Amy Ortiz, right, and her daughter Anna Ortiz, volunteer to collect and wash eggs at the Prairie Crossing Learning Farm in Grayslake. (Sheryl DeVore/Tribune)

Amy Ortiz, right, and her daughter Anna Ortiz, volunteer to collect and wash eggs at the Prairie Crossing Learning Farm in Grayslake. (Sheryl DeVore/Tribune)

Sarah, Caleb and Anna Ortiz come with their mother, Amy Ortiz, once a week to collect, wash and package organic eggs at the Prairie Crossing Learning Farm in Grayslake.

“I like especially collecting and candleing,” said Anna Ortiz. “You put the eggs under the light to see if there are cracks.”

The Prairie Crossing residents are among a group of adult and youth volunteers at the learning farm, where they learn about growing organically and locally.

Photos: Down on the farm with the chickens

“A lot of people don’t know where eggs come from or think about it,” said Erin Cummisford, the farm’s program associate.  “Children and adults get a deeper connection with their source of food” when they volunteer.

Some 160 chickens, mostly all hens except for a couple few roosters, are kept at the farm year-round.

“These are chickens from happy, healthy pens,” Cummisford said. ” They’re outside. They get moved to pastures, they get rotated and get new space and new places to forage in. They are kept in electric fences to deter predators.”

The full-grown chickens eat organic feed as well as bugs and greens they find in the fields.  One of their favorite foods is the non-native pest, Japanese beetle, Cummisford said.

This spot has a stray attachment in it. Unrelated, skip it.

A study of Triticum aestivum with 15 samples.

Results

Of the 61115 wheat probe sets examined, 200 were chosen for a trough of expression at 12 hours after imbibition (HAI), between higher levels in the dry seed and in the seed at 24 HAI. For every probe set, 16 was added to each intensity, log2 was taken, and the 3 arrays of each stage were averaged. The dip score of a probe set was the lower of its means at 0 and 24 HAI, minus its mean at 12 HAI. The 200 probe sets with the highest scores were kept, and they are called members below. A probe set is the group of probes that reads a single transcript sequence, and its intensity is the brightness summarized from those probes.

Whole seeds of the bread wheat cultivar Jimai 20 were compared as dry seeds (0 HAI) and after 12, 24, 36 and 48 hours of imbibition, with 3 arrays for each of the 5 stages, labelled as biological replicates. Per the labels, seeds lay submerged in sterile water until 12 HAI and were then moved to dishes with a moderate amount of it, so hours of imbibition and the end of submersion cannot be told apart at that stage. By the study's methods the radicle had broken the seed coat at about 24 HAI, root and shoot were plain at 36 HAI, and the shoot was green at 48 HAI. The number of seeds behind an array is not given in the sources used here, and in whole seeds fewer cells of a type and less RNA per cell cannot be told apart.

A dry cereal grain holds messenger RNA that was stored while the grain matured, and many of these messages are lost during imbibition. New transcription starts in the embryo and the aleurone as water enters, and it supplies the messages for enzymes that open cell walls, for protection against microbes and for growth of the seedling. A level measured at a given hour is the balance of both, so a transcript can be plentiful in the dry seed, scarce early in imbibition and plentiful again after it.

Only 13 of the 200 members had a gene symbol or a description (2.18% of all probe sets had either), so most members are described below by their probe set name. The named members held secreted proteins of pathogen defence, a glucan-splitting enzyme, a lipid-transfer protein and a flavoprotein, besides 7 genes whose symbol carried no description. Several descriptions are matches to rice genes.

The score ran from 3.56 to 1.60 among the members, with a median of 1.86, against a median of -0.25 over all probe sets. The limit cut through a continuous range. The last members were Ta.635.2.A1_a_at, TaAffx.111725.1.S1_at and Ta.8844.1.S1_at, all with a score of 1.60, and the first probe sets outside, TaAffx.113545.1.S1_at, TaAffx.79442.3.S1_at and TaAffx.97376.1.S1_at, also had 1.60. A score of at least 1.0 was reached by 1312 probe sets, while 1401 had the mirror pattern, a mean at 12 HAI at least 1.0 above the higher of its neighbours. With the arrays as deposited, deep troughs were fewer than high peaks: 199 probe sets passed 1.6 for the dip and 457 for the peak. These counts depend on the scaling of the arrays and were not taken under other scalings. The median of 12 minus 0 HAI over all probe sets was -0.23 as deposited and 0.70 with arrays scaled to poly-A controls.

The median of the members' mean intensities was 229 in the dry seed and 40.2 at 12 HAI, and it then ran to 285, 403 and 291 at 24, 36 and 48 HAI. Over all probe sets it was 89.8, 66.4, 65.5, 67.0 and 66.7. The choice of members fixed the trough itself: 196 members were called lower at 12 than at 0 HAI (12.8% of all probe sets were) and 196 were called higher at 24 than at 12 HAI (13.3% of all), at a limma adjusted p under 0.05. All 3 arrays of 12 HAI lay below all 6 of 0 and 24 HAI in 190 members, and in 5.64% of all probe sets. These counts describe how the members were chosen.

At night, the chickens saunter into a pen where they roost until morning when a worker lets them out and feeds them. In winter, they stay inside where it’s warm.

On a recent visit,  hens were clucking and a rooster occasionally “cock-a-doodle-dooed” as the Ortizes collected eggs from nest boxes. Docile hens stayed put in the boxes, while others wandered around inside the electric fence nibbling on grass and grains tossed out by the children.

The family then washed and packaged the eggs to be sold for $5 a dozen at the Prairie Crossing Farmers Market. The market is held from 4 to 7 p.m. Fridays at Station  Crossing on Route 137 across the street from the train depot in Grayslake.

The volunteer program has become so popular that the Learning Farm held a summer camp solely focused on chickens and eggs, said Sharon Gaughan, education program director.

Related story: Residents want back yard chicken raising to be legal

For more information on the farm and its programs, click here.